Plastic bags

Historic deal on new rules a breakthrough for tackling plastic waste

A deal on new EU rules to reduce plastic bag use, which was reached between the European Parliament and Council this week, was today confirmed by representative of EU governments. The new rules oblige EU governments to adopt measures to drastically reduce the use of single-use plastic carrier bags. Commenting on the outcome, Green MEP Margrete Auken, the European Parliament's rapporteur (lead negotiator) for the legislation, stated:

"This deal is a historic breakthrough in tackling the pervasive problem of plastic waste in our environment and waste reduction in general. This marks the first time we have binding measures at EU level to reduce waste. Despite brinksmanship from numerous governments and the Commission's recalcitrant stand throughout the negotiations, we have agreed binding EU rules on reducing plastic bag use. EU member states will have to take action to reduce plastic bag use but they will be able to choose how to do it: either they introduce pricing for plastic bags or equally effective measures, or they deliver on ambitious reduction targets (1).

"Pricing is the obvious way to go: it has proven to be the most effective measure for reducing the consumption of single use plastic bags, and is already used or foreseen in many jurisdictions. However, it is should be applied across the board, from large supermarkets to small corner shops.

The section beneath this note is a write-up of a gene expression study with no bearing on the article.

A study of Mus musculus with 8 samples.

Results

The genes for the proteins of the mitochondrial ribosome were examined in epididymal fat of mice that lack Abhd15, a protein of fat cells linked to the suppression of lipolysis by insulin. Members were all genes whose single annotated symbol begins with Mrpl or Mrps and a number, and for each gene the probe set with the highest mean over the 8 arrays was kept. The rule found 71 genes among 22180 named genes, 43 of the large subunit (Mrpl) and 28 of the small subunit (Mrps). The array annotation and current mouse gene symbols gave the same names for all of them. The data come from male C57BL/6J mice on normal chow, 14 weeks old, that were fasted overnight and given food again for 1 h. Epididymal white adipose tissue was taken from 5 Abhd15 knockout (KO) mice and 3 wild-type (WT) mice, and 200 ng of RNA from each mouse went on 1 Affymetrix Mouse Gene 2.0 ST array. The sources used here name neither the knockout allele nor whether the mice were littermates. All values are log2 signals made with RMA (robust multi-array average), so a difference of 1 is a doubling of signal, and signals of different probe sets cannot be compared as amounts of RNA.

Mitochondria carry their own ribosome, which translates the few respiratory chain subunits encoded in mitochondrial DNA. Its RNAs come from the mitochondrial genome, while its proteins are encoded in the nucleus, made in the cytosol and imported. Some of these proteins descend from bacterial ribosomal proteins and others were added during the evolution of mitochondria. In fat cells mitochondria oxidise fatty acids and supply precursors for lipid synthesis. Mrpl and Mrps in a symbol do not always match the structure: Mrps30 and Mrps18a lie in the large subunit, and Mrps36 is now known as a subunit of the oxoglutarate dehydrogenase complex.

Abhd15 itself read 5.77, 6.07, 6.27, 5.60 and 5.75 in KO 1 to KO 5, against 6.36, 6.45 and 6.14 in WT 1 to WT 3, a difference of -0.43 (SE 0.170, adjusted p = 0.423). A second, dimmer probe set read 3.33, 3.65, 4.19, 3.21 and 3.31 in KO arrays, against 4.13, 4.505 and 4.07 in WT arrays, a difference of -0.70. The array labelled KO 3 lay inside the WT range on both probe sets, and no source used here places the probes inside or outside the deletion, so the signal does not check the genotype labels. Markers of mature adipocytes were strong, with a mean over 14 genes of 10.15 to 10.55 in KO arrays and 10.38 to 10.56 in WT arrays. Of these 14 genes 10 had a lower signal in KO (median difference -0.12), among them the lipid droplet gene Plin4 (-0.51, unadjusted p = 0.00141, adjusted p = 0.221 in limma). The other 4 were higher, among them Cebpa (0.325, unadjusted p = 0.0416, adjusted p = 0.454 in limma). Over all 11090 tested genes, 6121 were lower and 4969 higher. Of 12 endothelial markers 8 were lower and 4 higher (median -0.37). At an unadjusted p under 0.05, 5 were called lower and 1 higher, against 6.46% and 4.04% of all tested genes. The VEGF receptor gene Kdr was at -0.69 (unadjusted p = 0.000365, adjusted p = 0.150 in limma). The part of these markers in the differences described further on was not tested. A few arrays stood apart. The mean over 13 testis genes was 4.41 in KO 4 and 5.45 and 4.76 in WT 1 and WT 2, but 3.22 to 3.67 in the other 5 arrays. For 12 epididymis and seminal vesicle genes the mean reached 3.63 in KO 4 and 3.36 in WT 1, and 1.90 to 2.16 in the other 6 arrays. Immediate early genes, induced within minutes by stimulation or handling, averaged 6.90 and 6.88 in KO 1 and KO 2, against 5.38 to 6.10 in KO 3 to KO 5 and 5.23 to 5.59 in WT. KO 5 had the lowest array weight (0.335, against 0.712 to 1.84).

"Given plastic waste respects no borders, notably in waterways, there is a clear argument for Europe-wide regulation. Using regulation to reduce plastic bag use, with the myriad of environmental problems this causes, has proved a major success and it is common sense to regulate this at EU level.

"We strongly regret the failure to ban the hugely problematic 'oxo-biodegradable' plastic bags. These plastic bags worsen the litter problem by fragmenting into micro-plastics polluting the environment and hindering composting and recycling. The only real beneficiary of this is one small company in the UK. Despite clear evidence on the problems of these bags, we will have to wait for further EU action on this problem."

(1) Average consumption of single-use plastic bags was found to be at 176 bags per person per year in 2010. The reduction targets agreed are set as follows: 90 bags by the end of 2019 (equivalent to a reduction of almost 50% as compared to 2010), 40 bags by the end of 2025 (equivalent to a reduction of almost 80%).